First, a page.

The Krofft Supershow

Krofft Supershow

With so many variety shows on television in the 70s, kids felt a little left out. That is, until Saturday morning gurus Sid and Marty Krofft debuted The Krofft Supershow in 1976. The memorable series offered an assortment of live-action adventure shows intermingled with groovy musical numbers and comical banter. What more could a kid want?

Acting as emcees and musical performers were the inimitable Kaptain Kool and the Kongs, a rock group koncocted especially for children’s television. Besides offering their own unique brand of musical stylings, they served to fill in the gaps between a number of live-action segments.

Electrawoman and Dynagirl was a playful parody of Batman and Robin, featuring a dynamic female duo of reporters whose caped alter-egos cruised around in the Electracar and used an assortment of high-tech gadgets to battle various villains. Wonderbug was a broken down old rust bucket of a dune buggy that would transform into a shiny alter-ego when its horn was tooted. It also had the ability to not only talk, but drive itself around while its trio of teen owners did their best to solve crimes.

Dr. Shrinker was the story of a mad scientist who shrunk three teens to a height of six-inches tall after they accidentally crash-landed their plane on his island. And finally, reruns were shown of The Lost Saucer, which starred Ruth Buzzi and Jim Nabors as a pair of bumbling extraterrestrial astronauts.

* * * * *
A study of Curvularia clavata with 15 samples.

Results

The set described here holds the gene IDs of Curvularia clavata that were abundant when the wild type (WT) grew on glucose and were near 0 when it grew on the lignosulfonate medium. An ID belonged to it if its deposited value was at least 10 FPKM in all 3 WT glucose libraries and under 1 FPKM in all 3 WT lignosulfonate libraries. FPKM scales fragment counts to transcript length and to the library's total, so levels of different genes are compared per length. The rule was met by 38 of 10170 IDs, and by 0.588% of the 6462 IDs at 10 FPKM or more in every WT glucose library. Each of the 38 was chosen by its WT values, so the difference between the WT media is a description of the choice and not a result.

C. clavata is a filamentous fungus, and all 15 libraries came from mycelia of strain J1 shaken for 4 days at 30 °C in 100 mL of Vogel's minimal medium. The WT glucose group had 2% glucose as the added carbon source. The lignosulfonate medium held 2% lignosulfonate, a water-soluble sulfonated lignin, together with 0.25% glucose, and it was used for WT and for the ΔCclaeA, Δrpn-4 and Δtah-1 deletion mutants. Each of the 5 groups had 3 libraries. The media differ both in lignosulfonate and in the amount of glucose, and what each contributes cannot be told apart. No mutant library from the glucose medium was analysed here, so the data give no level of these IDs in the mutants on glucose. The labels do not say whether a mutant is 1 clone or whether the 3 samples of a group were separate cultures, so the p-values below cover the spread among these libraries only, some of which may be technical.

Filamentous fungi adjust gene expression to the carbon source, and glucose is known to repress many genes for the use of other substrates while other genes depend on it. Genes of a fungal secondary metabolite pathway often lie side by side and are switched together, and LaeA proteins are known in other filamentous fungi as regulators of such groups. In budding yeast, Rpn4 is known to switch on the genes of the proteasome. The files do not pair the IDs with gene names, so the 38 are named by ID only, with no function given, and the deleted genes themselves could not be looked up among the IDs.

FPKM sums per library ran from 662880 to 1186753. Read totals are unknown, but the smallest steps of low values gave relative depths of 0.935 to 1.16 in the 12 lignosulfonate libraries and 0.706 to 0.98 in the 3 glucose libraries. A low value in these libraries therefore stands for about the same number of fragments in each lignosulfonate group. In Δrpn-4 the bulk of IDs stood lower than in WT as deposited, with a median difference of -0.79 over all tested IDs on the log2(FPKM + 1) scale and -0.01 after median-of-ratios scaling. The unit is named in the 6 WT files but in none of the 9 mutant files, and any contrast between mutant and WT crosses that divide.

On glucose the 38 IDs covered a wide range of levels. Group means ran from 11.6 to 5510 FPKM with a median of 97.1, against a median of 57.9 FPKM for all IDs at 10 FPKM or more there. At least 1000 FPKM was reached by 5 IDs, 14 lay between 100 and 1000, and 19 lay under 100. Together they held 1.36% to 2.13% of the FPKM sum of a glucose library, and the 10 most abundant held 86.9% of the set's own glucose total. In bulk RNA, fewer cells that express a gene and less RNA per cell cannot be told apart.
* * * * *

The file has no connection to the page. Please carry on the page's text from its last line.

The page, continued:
When the 1977 season rolled around, Wonderbug was sent to the network junkyard and replaced with a show about an inept genie called Magic Mongo, and a show about a pair of furry compadres, Bigfoot and Wildboy. For young Sasquatch fans (and really, who wasn’t?), this was television viewing at its finest. Don’t even get us started on the epic battle between the pair and the Abominable Snowman.

By 1978, it was time for a new network and a new name. The show moved to NBC and was renamed The Bay City Rollers Show after the Scottish-bred boy band that took over the hosting duties. Unfortunately, the boys from Bay City weren’t enough to save the sinking ship and within four months, the series was cancelled.

But the memories linger with many a former kid, of Saturday mornings spent curled up in a blanket, watching this colorful collection of characters embark upon their weekly adventures. If you were one of them, we’d love to hear your recollections of The Krofft Supershow in our comments section.

One Response to “The Krofft Supershow”


    what a great show for kids back then.